Last Updated on March 3, 2020 by AIFS Abroad
I have fibromyalgia. I have had it for nearly 4 years, but was just recently diagnosed. Fibromyalgia is a condition characterized by chronic pain all over the body. Mine is localized in my head, neck and shoulders (for now). Fibromyalgia is called an “invisible illness,” which means it’s a condition that people can’t see. You can see broken bones and when someone has the flu but with invisible illnesses, the person looks “normal.” They don’t look sick but are suffering just the same.
There are many who would think that their medical circumstances would limit them from studying abroad. Now, my condition isn’t as complicated as other diseases can be so I know this won’t apply to everyone, but I hope it will be helpful for those of you who are in similar situations.
I studied abroad with AIFS at The University of Limerick, in Limerick, Ireland in 2016. I was there for an entire semester and traveled all around Ireland and Europe (Northern Ireland, England [3 times], France and Rome).
Make sure to talk with your doctor about the feasibility to go abroad. I was going to be okay with not seeing my doctor for four months, but some people might not be able to do that. If that’s the case, maybe the summer or interterm programs are for you. If this is really what you want to do, you will be able to find a way to study abroad.
Going Abroad with Medications
When I was abroad, I was on three different prescription medications. Things got complicated and expensive because it was the beginning of the year and hadn’t even made a dent in our deductible. We ended up being able to apply the cost of these medications toward our deductible so it worked out in the end.
Keep in mind that some countries will not fill prescriptions that are written in the US.
I’m going to speak as if you were doing a semester program. Check and see how many refills are left on your prescriptions. I would suggest making sure you have at least five left. If you don’t, call you doctor and let them know you are going abroad and ask for some more refills. Once you have enough refills on all your medications, call you pharmacy 2-3 weeks before the day you leave. I know this sounds early. I was told to call one week before I left and we barely had time to get everything due to an insurance hiccup, so that’s why I recommend a big time frame. Make sure to get enough to cover your entire time abroad. I would also recommend having enough to cover for the first few days you are back. You don’t want to be making a pharmacy run while jet lagged.
I didn’t have any difficulty traveling abroad and around with my medications. I always kept them in my carry on bag instead of my suitcase. I did this because I always knew where they were. Also, if my suitcase were to be lost, I would still have my meds which are really important. I didn’t take any written prescriptions with me to prove that they were mine; my name being on the bottle was good enough. No one asked about them when I went through security. The most complicated part of the whole process was just getting enough to cover all the time I would be gone.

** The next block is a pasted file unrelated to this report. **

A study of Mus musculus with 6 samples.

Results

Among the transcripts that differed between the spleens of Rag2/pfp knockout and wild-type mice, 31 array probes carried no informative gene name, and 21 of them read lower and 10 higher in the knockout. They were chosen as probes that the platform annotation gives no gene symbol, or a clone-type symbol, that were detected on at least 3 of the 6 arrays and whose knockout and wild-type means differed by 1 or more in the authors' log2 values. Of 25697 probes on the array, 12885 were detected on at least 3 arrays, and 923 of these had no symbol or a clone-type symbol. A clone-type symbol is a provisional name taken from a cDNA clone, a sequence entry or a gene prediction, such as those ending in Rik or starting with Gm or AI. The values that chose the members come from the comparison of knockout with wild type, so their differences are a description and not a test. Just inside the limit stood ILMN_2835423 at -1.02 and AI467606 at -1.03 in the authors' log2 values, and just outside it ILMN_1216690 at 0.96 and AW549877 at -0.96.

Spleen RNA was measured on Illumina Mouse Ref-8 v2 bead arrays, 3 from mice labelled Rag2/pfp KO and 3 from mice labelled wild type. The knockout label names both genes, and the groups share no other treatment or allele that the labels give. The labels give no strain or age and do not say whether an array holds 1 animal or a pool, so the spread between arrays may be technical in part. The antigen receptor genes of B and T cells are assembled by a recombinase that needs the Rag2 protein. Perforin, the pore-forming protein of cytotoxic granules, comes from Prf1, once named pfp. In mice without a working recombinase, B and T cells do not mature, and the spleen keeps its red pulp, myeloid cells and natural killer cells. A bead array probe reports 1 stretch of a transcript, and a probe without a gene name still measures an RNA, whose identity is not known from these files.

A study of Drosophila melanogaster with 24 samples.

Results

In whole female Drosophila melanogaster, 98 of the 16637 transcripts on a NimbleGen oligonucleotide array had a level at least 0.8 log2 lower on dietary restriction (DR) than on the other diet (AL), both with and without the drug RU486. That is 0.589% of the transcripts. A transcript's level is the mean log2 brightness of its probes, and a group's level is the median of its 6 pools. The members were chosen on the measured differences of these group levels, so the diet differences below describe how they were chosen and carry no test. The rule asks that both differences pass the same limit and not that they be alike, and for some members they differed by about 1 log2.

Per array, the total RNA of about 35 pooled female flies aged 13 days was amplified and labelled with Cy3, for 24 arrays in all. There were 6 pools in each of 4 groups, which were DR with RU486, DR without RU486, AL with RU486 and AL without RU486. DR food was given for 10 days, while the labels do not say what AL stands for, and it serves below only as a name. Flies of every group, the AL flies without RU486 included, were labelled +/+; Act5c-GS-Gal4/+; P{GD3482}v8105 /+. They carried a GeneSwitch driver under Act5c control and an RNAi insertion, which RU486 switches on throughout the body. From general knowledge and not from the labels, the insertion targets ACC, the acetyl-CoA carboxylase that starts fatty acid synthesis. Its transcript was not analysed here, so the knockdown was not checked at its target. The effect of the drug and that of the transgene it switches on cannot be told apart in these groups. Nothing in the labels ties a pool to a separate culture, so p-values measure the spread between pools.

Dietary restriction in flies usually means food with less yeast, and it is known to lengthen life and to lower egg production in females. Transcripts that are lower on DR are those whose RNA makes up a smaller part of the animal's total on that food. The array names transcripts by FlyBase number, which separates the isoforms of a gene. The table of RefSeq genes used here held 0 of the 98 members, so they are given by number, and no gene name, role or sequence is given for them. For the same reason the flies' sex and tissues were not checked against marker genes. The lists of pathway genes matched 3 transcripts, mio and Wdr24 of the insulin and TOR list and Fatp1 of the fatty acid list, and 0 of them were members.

Don’t Let Your Condition Hold You Back
Whether you have had your diagnosis for a while or it’s recent, it’s essential to learn to not let your condition hold you back. You’ve probably been told this a million times and it can be a hard thing to do. If you want to go on a trip, go on your trip. Don’t worry about how you are going to feel that day. Even if you end up having a bad day, at least you are having a bad day in London or Paris or Barcelona.
Handling the “Bad Days”
My personal mantra is to power through. I know it sounds cheesy and difficult to do, but you just have to take it one minute at a time. You just power through this day and then it will be over. Just take it a few moments at a time. Set goals for yourself. Get through this class. Get through dinner. Then you are in bed and you’ve done it.
There will always be those days when it’s an 8 or 9 out of 10 on the pain scale and there’s just no way you can go to class or go do what you planned for the day. Forgive yourself. Treat yourself like you would at home. Don’t put extra pressure on yourself to have fun or go to class just because you are abroad.
Your Support System
You may have your support system back home but it’s going to be hard to stay in constant contact with them. The time change is going to be hard and if your people don’t have wireless internet at work or home or a low data plan, it’s going to be a challenge to FaceTime/Skype with your people. You, of course, can still be in contact with your American people but it’s nice to have people immediately where you are.
I do understand not wanting people to know. Many people at my home university don’t even know about my condition. I think only one person knew about my fibromyalgia when I was abroad, and that was my on-site staff Resident Director, Elaine. So even though I said to have a support system, it doesn’t need to be big. It was just one person, in the same time zone, who knew what was generally going on and that I might need some emotional support every now and then. I didn’t, and still don’t, want to tell everyone about my condition. It’s nice to make a few close friends that can be there for you when you are having a bad day. They don’t need to know everything that’s going on but just someone that will sit and eat food and watch a movie with you.
This post was contributed by an AIFS alum who studied abroad in Limerick, Ireland.